Nature takes a ‘cosmic’ turn in a garden exhibit


“Kusama: Cosmic Nature”, postponed for a year due to the coronavirus, will remain visible until Halloween.

Most of the artwork is outdoors and is large enough to be enjoyed while still being socially removed. Visitors will want to wear their walking shoes; the exhibition presents multiple galleries, installations and gardens. Elaborate flower displays complement some of the works, which are scattered throughout the 250-acre Botanical Garden in the Bronx.

The setting couldn’t be more suited to Kusama’s multifaceted works, all of which relate in different ways to the world of nature. Growing up in the greenhouses and fields of his family’s huge nursery in Matsumoto, Japan, Kusama has always focused his work on the natural world, says guest curator Mika Yoshitake.

“For Kusama, cosmic nature is a life force that integrates the terrestrial and celestial orders of the universe from both micro and macrocosmic perspectives,” Yoshitake says.

When Kusama was young, she started having vivid hallucinations, some of which involved peas or flowers spreading around her.

“Some people get stuck on the polka dots. Her work has a kind of inner sadness combined with an outer joy, which really speaks to the present moment,” says Karen Daubmann, vice president of exhibitions and public engagement at the garden.

Japanese artist Yayoi Kusama’s “I want to fly to the universe” sculpture is reflected in a swimming pool at the New York Botanical Garden on Thursday, April 8, 2021 in the Bronx neighborhood of New York. The expansive exhibit opened and ticket sales were swift in a city weary of the pandemic and hungry for outdoor cultural events. (AP Photo / Mark Lennihan)

The works making their debut at the exhibition include the 16-foot-high painted bronze “Dancing Pumpkin” (2020), which appears to be frolicking happily on the lawn of the Haupt Conservatory; “I Want to Fly the Universe” (2020), a 13-foot-tall, brightly colored biomorphic form installed near the Visitor Center; and “Infinity Mirrored Room – Illusion Inside the Heart” (2020), an outdoor installation reflecting its surroundings.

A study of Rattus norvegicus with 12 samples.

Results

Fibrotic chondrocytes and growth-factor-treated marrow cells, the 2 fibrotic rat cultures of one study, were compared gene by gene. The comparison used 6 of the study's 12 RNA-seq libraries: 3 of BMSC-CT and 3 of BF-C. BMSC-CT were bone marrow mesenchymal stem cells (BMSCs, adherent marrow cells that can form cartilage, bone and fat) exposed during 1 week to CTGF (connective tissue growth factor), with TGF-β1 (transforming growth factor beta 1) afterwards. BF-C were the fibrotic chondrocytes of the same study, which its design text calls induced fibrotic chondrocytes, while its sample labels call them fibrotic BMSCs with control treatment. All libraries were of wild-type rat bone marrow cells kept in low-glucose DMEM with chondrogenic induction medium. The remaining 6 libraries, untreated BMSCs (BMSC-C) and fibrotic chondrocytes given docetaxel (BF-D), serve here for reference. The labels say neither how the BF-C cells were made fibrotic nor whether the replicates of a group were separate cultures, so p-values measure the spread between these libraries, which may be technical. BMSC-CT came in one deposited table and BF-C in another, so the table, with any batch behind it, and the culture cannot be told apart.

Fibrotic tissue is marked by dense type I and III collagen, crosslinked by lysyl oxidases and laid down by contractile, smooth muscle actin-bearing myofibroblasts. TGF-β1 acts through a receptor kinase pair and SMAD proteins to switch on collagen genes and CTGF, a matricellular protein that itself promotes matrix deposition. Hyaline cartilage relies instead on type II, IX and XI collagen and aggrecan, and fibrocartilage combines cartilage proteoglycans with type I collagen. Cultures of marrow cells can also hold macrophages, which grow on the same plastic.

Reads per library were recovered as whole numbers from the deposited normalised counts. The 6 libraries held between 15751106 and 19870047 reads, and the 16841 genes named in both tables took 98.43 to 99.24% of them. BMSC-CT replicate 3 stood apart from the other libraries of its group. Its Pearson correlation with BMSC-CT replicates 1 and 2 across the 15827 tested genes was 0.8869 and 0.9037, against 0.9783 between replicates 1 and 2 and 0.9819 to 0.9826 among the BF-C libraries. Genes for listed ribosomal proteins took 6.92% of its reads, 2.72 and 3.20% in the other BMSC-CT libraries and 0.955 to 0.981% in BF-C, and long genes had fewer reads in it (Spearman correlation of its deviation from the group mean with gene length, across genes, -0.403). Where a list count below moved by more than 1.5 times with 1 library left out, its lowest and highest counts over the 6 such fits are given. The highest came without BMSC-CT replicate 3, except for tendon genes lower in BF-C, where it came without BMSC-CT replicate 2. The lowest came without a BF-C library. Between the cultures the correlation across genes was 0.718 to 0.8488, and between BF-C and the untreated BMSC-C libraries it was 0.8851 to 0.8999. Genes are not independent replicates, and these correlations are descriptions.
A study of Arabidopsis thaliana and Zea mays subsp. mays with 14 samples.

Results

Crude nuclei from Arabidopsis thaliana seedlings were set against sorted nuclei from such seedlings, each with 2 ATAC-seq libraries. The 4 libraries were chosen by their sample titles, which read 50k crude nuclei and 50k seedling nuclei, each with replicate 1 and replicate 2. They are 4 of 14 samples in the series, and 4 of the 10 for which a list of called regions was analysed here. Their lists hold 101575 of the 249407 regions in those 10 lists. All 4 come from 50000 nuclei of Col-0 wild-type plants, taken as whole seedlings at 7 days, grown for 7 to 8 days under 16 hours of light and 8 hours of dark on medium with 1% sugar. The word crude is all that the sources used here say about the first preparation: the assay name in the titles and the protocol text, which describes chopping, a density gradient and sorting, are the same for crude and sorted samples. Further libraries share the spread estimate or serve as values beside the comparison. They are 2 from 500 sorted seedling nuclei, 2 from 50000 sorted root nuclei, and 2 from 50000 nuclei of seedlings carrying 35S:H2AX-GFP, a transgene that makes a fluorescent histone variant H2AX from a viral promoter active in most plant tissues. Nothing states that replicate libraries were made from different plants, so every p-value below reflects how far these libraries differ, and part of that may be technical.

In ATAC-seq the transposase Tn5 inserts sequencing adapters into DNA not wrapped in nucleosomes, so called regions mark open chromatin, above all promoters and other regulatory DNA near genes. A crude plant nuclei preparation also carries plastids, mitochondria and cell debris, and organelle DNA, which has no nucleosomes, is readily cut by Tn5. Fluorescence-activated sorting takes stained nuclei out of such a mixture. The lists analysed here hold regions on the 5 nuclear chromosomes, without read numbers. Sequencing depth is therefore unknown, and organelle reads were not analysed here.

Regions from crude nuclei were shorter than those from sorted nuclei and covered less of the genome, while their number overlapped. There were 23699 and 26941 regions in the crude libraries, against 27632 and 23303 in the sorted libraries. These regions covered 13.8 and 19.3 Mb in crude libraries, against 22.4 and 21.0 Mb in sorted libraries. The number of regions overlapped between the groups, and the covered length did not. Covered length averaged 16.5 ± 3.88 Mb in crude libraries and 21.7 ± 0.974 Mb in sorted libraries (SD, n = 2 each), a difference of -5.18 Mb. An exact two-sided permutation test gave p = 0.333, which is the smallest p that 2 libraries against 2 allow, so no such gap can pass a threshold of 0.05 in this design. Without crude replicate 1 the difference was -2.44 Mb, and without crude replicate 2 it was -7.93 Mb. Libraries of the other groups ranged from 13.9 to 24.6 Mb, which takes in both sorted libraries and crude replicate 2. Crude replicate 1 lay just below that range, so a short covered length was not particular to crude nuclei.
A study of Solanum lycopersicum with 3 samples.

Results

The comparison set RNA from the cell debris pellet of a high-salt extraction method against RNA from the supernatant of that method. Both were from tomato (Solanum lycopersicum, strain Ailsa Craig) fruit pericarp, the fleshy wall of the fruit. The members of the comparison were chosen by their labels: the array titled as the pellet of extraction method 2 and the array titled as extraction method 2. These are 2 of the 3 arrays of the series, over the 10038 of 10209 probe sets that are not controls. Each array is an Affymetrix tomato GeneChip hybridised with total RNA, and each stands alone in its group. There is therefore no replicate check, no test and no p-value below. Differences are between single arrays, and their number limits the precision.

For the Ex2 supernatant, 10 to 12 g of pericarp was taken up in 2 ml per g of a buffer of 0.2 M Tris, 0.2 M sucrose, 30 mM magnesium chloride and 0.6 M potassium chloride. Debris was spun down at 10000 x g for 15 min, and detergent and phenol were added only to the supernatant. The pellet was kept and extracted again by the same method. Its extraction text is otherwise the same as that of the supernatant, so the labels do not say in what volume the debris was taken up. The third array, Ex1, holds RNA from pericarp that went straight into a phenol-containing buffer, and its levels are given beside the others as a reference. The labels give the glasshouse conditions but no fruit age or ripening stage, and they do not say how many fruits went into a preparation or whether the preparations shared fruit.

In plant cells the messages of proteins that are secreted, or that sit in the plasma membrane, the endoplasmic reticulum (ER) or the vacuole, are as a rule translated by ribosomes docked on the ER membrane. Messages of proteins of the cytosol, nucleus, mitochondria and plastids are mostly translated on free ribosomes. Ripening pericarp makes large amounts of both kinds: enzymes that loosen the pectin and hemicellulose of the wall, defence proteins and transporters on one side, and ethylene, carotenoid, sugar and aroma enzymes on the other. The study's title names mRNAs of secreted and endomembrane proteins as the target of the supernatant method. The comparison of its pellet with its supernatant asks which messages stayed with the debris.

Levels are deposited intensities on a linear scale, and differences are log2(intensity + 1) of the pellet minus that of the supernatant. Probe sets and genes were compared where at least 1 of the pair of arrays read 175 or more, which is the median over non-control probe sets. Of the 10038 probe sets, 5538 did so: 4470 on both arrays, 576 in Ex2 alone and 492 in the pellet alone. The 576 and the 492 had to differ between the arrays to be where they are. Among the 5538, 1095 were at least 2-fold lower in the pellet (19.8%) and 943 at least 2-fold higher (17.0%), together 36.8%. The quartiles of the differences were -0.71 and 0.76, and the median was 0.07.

Three galleries of the Conservatory present horticultural celebrations of Kusama. Towering polka-dot flowers in “My Soul Blooms Forever” (2019) greet visitors in the Palm Gallery. Nearby, the pink and gold “Starry Pumpkin” mosaic (2015) is surrounded by flowers and woodland foliage with complementary pastels. And to complement the vivid colors of Kusama’s painting “Alone, Buried in a Flower Garden” (2014) is an exhibition of seasonal flowers and foliage designed to be equally strong in form and color.

Highlights elsewhere in the garden include “Narcissus Garden” (1966/2021), consisting of 1,400 stainless steel spheres set in a water feature, and “Ascension of the Polka Dots on the Trees” (2002/2021) , which features soaring trees, their trunks wrapped in bright red fabric with white polka dots.

In the garden library, an exhibit includes sketches, paintings, collages and sculptures by Kusama, including a 1945 sketchbook she kept at 16. It is full of meticulous and realistic drawings of plants. His painting “Infinity Net”, inspired by the Pacific Ocean seen from an airplane, is also on display; the work was exhibited at the Whitney Museum in 1961.

A small photo exhibition focuses on Kusama’s life in New York City, where she lived around 1958, making performance art among other works before returning to Japan in 1973.

Kusama, 92, now divides her time between the Japanese mental hospital where she has voluntarily lived since the 1970s and her neighboring studio. She has not traveled to the United States since 2012.

Its installations were carried out with the help of a team with which it works in close collaboration; they reviewed the placement of the works with Kusama using photos. Various galleries in New York and Tokyo that represent Kusama also participated.

To keep viewers safe during the pandemic, the garden has implemented a timed, limited entry ticketing system to promote social distancing. Advance purchase of tickets is required.

The Garden and Galleries Pass, which provides access to the Kusama Lounge, is already full for some weekends, though there is still availability on weekdays, according to the Botanical Garden.

Current guidelines limit capacity to 33% and social distancing to 6 feet. Because the gardens are so large, the garden can still accommodate several thousand visitors per day.

The exhibition, which will not travel beyond New York, will be accompanied by a catalog co-published with Rizzoli Electa, including essays by Yoshitake, art historian Jenni Sorkin, curator Alexandra Munroe and others. The catalog will focus on Kusama’s ongoing engagement with nature and the interdependence of all living things.